Steam’s had a movie section for a little while now, but for the most part it’s been home to indie flicks and Naruto. Recently, though, that’s been changing. Case in point: Lionsgate just added 100 movies to Steam, including Hunger Games and Twilight.
While Lionsgate’s mess of moving pictures varies in quality (Reservoir Dogs! Cabin in the Woods! ...Blue Mountain State), it’s nothing to sneeze at. You can view the full selection here. Certainly, I can understand why this move makes sense for Lionsgate. Steam has 125 million users. That’s 250 million eyeballs, give or a take few, to watch your movies. There’s gold in them thar hills, in other words.
I just don’t understand the appeal for John Q Steamuser (pronounced “stee-muser,” obviously). Problem one: many movies on Steam are only available to rent, and the prices aren’t exactly tempting. Pricing is inconsistent, but for $4, $5, $6, or sometimes $7, you can watch a single movie for 48 hours. Some movies include a purchase option for anything from a few dollars more to double or triple the rental price. It’s about in line with something like Amazon Video, except with more hardware restrictions and a significantly smaller selection.
If you rent two or three movies, you’re already at the price of a one-month Netflix payment ($7.99+ depending on your plan). Hulu is similarly priced, and Amazon Prime, while slightly more expensive, also gets you access to streaming music. All of them are also slicker and better organized, and their selections are much larger. Even Steam’s new movies are in regular rotation on subscription services. They haven’t added anything like, say, Star Wars or The Revenant.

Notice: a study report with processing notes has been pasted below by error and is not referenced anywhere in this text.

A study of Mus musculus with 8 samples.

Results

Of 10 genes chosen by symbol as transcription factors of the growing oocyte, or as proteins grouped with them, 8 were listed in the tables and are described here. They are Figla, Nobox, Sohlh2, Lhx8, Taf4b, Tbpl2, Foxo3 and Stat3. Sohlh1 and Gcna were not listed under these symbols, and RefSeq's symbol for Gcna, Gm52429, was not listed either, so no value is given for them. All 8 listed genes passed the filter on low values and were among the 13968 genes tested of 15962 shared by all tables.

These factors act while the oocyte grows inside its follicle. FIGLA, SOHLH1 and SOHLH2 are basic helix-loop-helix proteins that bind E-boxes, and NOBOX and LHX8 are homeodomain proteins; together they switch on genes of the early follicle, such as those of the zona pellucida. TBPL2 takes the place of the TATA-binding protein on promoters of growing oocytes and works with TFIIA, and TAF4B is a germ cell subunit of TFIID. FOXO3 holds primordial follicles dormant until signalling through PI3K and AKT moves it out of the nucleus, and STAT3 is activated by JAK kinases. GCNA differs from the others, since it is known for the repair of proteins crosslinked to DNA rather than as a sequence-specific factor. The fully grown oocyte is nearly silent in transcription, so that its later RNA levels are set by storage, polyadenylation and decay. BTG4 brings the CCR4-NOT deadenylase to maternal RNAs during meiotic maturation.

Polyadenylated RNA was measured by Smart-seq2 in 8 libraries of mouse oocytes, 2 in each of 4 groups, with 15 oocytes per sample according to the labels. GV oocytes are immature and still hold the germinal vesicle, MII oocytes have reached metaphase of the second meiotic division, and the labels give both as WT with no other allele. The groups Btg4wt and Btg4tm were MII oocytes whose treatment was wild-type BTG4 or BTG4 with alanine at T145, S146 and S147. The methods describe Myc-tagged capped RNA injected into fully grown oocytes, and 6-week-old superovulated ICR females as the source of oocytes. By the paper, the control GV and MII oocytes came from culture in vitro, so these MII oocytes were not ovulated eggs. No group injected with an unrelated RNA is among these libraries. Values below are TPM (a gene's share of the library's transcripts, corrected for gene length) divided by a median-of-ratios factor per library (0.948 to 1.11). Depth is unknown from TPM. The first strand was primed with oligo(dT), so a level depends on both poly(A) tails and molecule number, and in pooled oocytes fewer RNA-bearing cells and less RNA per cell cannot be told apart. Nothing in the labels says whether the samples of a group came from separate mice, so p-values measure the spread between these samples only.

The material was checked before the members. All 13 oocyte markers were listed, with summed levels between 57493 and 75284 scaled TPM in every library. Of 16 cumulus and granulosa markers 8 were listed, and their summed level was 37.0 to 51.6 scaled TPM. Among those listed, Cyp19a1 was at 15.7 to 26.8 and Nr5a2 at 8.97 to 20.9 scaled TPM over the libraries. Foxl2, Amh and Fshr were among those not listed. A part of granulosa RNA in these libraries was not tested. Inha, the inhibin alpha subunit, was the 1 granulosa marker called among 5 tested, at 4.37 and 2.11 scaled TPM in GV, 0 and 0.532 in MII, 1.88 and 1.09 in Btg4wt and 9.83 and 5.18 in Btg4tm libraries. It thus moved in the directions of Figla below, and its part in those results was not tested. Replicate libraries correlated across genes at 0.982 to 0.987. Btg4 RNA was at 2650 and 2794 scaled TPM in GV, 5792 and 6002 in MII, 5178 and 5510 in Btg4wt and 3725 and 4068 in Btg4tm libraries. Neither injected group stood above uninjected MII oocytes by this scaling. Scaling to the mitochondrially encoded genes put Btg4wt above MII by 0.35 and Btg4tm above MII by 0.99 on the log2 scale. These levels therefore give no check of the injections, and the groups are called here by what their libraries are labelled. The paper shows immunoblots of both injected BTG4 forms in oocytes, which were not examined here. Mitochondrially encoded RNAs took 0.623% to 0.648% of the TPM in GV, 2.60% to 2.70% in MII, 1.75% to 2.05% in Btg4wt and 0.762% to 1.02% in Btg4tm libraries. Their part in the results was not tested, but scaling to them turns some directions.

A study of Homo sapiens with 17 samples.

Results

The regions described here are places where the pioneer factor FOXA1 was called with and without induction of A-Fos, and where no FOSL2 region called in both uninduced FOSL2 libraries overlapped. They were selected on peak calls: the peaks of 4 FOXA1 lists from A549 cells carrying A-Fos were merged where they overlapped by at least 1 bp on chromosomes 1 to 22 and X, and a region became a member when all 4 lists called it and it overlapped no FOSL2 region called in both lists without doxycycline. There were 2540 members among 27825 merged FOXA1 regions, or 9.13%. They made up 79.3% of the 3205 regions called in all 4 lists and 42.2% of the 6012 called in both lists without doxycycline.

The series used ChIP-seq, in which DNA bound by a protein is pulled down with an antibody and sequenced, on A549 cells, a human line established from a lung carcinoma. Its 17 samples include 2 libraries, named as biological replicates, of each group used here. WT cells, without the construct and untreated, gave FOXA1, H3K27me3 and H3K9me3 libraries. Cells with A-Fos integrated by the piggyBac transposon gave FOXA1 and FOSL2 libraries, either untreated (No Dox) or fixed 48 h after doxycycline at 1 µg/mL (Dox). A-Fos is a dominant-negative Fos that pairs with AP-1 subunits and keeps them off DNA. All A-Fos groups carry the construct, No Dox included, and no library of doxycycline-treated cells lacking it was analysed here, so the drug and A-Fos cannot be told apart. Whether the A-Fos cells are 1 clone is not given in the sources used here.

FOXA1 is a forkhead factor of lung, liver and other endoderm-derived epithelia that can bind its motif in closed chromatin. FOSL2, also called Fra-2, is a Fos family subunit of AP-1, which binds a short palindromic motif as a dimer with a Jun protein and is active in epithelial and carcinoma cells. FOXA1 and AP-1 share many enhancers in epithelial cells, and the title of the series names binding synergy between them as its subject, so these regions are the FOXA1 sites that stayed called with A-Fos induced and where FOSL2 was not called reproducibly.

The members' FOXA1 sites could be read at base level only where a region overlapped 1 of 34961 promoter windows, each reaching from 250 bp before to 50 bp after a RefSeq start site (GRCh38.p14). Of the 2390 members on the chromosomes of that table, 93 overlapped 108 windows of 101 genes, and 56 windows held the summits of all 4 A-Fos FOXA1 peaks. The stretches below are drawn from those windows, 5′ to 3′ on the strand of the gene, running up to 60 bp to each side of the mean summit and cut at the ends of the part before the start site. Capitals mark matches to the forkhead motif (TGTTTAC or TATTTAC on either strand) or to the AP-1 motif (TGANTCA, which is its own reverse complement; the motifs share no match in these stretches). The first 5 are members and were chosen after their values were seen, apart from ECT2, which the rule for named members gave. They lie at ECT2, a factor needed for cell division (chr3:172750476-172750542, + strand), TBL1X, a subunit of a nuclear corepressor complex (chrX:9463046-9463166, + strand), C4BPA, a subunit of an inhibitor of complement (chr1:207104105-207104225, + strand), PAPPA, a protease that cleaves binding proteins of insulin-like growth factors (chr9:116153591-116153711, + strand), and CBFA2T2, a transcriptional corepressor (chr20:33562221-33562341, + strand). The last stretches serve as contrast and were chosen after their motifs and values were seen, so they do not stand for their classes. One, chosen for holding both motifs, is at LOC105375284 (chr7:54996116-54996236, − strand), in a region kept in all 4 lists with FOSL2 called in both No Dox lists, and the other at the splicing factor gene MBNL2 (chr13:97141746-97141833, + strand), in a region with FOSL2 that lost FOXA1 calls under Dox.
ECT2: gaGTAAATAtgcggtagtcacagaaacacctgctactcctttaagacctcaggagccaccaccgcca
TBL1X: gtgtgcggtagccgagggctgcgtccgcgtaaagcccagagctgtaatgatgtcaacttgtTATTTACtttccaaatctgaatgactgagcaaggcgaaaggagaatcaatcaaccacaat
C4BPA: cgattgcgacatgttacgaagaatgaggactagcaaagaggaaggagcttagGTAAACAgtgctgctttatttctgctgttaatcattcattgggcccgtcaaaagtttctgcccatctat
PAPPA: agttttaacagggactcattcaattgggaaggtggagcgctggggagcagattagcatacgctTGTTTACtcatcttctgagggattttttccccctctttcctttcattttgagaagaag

Also, while the aforementioned services allow you to stream to other devices (phones, tablets, etc), Steam movies only work with different types of computer. You can use Steam Link or a similar device to put them on your TV screen, but that’s a hassle compared to what other services offer. Oh, and to hear Steam users tell it, there’s some serious region locking on many of these films, too.
If you only ever watch movies sporadically or feel the need to own the handful of movies Steam lets you buy (reminder: you don’t actually own anything you purchase on Steam), I could understand using Steam for your viewing pleasure. If not, though, what’s the point? There are better options just a couple clicks away. Maybe if Steam expands its selection to include movies that aren’t streaming on subscription services, things will be better. Until then, it’s a crack in the service’s armor.